Defense Department delays utilities privatization

The Defense Department is giving the military services and agencies more time-until 2010-to privatize utility systems at bases.

The Pentagon previously had told the services it wanted all 1,600 systems at installations across the country turned over to contractors by 2003, unless outsourcing would not save money or the systems needed to be maintained in-house for security reasons. But a myriad of problems, ranging from poorly written solicitations to the effects of nationwide electricity deregulation, has led to only a few dozen systems being privatized.

"To achieve innovative results, privatization must proceed in a deliberate manner that promotes industry interest and competition to the maximum extent possible," Paul Wolfowitz, deputy Defense secretary, wrote in an Oct. 9 memorandum announcing the new deadline.

The memo set several key program goals. For example, by September 2003, installations must have received requests for proposals on privatizing at least 80 percent of all utility systems, and have reached decisions on who will run at least 65 percent of the systems.

The Defense Department believes it can save millions of dollars and, more importantly, get better service and modernize aging utility systems through privatization.

The Defense Department's new guidance and additional information may be found at the department's utilities privatization Web site.

Stay up-to-date with federal news alerts and analysis — Sign up for GovExec's email newsletters.
FROM OUR SPONSORS
JOIN THE DISCUSSION
Close [ x ] More from GovExec
 
 

Thank you for subscribing to newsletters from GovExec.com.
We think these reports might interest you:

  • Going Agile:Revolutionizing Federal Digital Services Delivery

    Here’s one indication that times have changed: Harriet Tubman is going to be the next face of the twenty dollar bill. Another sign of change? The way in which the federal government arrived at that decision.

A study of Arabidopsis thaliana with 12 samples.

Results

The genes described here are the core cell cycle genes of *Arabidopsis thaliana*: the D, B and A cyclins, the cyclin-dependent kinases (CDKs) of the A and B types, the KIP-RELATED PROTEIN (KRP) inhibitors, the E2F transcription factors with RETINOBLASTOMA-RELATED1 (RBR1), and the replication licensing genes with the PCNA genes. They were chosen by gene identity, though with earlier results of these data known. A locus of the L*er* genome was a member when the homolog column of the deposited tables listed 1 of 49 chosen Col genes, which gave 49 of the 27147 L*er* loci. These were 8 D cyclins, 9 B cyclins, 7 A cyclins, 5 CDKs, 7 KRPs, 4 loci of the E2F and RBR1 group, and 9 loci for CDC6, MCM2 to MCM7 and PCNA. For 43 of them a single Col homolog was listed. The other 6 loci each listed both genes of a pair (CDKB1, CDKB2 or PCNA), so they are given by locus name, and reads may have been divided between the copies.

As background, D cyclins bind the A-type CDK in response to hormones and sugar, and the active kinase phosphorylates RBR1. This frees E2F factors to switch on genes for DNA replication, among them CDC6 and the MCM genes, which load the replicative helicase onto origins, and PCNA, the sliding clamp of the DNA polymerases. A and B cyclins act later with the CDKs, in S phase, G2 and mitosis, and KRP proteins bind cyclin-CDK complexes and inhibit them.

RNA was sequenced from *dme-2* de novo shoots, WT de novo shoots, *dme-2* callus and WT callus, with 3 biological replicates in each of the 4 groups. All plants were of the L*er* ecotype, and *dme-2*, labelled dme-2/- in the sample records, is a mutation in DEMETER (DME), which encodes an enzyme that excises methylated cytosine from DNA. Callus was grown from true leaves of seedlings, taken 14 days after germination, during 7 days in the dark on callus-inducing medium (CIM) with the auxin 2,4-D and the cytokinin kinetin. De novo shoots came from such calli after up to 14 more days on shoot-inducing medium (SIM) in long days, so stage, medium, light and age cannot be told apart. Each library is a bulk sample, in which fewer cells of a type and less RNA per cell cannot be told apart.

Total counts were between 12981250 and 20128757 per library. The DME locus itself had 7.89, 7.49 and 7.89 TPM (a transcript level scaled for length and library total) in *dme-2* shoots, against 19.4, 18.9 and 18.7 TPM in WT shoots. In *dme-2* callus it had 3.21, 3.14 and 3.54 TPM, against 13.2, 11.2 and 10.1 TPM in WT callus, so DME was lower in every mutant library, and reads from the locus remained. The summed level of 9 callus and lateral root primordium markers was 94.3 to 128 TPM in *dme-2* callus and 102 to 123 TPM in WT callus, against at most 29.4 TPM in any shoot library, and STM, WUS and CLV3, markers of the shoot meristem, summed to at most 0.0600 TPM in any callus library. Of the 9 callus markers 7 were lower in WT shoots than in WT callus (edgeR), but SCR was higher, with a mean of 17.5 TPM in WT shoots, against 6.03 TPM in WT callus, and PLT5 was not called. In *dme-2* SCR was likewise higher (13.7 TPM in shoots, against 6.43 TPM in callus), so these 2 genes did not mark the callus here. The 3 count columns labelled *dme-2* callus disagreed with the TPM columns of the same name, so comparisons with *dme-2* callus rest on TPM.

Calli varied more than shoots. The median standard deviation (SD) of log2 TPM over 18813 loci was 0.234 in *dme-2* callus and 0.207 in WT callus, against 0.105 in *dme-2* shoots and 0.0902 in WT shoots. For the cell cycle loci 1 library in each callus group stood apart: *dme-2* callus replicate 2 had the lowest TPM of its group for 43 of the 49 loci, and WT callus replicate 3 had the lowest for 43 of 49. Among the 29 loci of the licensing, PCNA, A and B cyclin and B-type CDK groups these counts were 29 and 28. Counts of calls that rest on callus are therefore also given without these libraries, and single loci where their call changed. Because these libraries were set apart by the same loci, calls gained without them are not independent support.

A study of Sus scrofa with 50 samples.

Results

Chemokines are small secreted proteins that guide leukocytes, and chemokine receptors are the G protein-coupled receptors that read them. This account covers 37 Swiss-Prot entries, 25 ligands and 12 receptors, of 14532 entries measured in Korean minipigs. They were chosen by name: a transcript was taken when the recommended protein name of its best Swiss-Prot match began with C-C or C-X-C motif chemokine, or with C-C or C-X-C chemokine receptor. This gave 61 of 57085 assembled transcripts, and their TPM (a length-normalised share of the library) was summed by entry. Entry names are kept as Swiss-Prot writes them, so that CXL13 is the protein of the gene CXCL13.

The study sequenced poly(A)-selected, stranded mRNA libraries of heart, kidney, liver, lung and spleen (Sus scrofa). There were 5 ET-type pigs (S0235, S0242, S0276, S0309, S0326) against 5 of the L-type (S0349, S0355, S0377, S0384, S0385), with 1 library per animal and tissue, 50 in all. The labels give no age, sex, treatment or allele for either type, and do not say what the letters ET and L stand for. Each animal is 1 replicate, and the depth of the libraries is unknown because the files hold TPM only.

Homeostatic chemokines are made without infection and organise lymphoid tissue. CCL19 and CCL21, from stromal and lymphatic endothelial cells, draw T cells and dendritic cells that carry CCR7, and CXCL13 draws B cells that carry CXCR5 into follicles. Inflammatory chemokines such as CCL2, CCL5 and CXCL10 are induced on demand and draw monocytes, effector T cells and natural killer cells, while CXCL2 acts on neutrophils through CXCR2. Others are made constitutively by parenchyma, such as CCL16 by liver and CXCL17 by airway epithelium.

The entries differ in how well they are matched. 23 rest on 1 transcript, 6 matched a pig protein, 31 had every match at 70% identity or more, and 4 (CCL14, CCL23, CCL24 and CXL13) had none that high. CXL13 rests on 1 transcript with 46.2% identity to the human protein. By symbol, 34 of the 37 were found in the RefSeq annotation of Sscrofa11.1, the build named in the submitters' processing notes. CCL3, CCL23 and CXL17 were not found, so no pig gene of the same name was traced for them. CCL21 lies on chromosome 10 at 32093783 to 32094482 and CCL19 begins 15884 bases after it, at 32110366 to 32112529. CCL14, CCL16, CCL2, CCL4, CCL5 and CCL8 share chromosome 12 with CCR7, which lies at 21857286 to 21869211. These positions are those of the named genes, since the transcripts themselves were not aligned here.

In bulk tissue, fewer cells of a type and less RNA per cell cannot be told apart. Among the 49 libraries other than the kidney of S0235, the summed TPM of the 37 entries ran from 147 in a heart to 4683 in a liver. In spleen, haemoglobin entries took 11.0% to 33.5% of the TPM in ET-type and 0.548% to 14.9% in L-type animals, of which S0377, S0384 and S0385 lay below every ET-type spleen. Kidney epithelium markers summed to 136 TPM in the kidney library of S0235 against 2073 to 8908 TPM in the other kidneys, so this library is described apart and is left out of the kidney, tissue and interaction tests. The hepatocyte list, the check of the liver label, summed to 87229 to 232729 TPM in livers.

View
  • Cyber Risk Report: Cybercrime Trends from 2016

    In our first half 2016 cyber trends report, SurfWatch Labs threat intelligence analysts noted one key theme – the interconnected nature of cybercrime – and the second half of the year saw organizations continuing to struggle with that reality. The number of potential cyber threats, the pool of already compromised information, and the ease of finding increasingly sophisticated cybercriminal tools continued to snowball throughout the year.

    View
  • Featured Content from RSA Conference: Dissed by NIST

    Learn more about the latest draft of the U.S. National Institute of Standards and Technology guidance document on authentication and lifecycle management.

    View
  • GBC Issue Brief: The Future of 9-1-1

    A Look Into the Next Generation of Emergency Services

    View
  • GBC Survey Report: Securing the Perimeters

    A candid survey on cybersecurity in state and local governments

    View
  • The New IP: Moving Government Agencies Toward the Network of The Future

    Federal IT managers are looking to modernize legacy network infrastructures that are taxed by growing demands from mobile devices, video, vast amounts of data, and more. This issue brief discusses the federal government network landscape, as well as market, financial force drivers for network modernization.

    View
  • eBook: State & Local Cybersecurity

    CenturyLink is committed to helping state and local governments meet their cybersecurity challenges. Towards that end, CenturyLink commissioned a study from the Government Business Council that looked at the perceptions, attitudes and experiences of state and local leaders around the cybersecurity issue. The results were surprising in a number of ways. Learn more about their findings and the ways in which state and local governments can combat cybersecurity threats with this eBook.

    View

When you download a report, your information may be shared with the underwriters of that document.